Feeling scared


I get scared a lot. In fact as you can see from this story I sometimes seek out being scared. This is partly why I like climbing hills and why I love my job. I get a little scared every time I write a blog post, I get an amazing rush of adrenalin when I press send on a newsletter going out to thousands people, and often, when I am about to speak in public, I get so scared that I fantasise about pulling a sickie or finding some other excuse to back out!

Being scared can feel good, overcoming your fear feels even, better but avoiding being scared is the scariest thing you can do, and is, I am beginning to believe the root cause of anxiety. Being anxious is different from being scared. That creeping, grey veil of doubt that rots away at your confidence has little to recommend it. We know what we are not facing up to, we know the things we could do but are ducking, and if we keep letting anxiety constrict our lives long enough we start to die.

Anxiety is the smell of rotting lives.

4 thoughts on “Feeling scared

  1. I think the generally accepted difference between being scared and anxious is that being scared (fear) has an identified object, whereas being anxious is fear of… not sure what.For me, being scared of being scared is different from anxiety — but pretty bad too. When you're scared of being scared, you hold off from confronting your fears and maybe realizing that you're being too scared considering the importance of the danger you're afraid of. It might also — like it did for me for years — prevent you from identifying that you're scared, and that that is what is paralyzing you — therefore blocking you in your tracks.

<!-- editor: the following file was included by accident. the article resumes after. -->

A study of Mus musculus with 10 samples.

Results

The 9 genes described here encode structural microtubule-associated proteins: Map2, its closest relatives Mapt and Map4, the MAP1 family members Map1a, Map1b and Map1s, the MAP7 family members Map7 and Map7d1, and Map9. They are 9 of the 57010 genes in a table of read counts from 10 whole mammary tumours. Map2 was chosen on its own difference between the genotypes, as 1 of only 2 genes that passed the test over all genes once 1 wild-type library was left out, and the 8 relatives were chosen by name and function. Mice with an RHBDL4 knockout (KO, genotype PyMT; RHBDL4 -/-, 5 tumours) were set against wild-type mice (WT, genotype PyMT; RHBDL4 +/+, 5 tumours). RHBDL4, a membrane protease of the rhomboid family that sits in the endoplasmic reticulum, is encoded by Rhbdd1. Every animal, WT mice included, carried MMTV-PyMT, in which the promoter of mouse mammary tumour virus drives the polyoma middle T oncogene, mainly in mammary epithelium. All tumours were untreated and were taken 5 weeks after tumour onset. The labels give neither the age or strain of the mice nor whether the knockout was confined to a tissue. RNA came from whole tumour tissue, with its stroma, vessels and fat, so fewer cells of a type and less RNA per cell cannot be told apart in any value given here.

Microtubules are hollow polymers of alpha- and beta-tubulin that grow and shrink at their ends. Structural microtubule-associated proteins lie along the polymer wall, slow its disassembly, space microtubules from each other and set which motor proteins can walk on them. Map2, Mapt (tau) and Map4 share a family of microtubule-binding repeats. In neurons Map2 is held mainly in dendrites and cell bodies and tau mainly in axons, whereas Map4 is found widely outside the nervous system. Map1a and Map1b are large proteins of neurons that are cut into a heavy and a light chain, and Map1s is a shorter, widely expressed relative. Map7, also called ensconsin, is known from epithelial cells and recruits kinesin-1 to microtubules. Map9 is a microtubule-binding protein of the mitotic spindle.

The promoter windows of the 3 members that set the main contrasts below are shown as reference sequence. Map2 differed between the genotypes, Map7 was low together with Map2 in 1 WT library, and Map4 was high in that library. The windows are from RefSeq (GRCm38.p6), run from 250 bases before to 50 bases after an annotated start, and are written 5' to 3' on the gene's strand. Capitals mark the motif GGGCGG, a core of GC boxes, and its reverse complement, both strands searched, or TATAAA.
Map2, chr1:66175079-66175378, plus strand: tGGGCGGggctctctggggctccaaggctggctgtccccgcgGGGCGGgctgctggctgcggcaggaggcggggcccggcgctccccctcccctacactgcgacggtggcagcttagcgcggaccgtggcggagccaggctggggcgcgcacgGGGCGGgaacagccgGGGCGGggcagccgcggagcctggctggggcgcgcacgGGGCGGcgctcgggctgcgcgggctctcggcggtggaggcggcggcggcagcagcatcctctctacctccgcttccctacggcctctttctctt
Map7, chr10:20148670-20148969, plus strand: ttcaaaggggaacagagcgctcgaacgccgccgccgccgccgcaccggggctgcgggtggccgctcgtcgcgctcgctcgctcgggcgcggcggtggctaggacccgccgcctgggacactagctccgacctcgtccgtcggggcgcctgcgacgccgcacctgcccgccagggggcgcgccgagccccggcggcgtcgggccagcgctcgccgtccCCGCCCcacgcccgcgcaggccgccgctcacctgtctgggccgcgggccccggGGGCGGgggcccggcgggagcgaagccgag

2. Yes, you can grapple with being scared, more readily than anxiety, but as you say, it is sneaky and goes underground and hides from you. This is why finding it and facing it matters so much.


  3. Hi EuanI like the distinction between being scared and anxious that you make, and especially the notion that avoiding being scared creates anxiety as a different, more troubling form of fear. I've done the pole climb, too; stood on the top and then jumped to hanging rope out of reach from the top. Yikes. I thought I had it all under control, but when I finally got down, one of my friends leaned over to me and said, "Congratulations, you look white as a ghost." Guess I couldn't quite keep the terror hidden under a cool facade! This post is a nice reminder that fear is part of life and that facing it is part of what it means to be fully awake and alive. Many best wishes.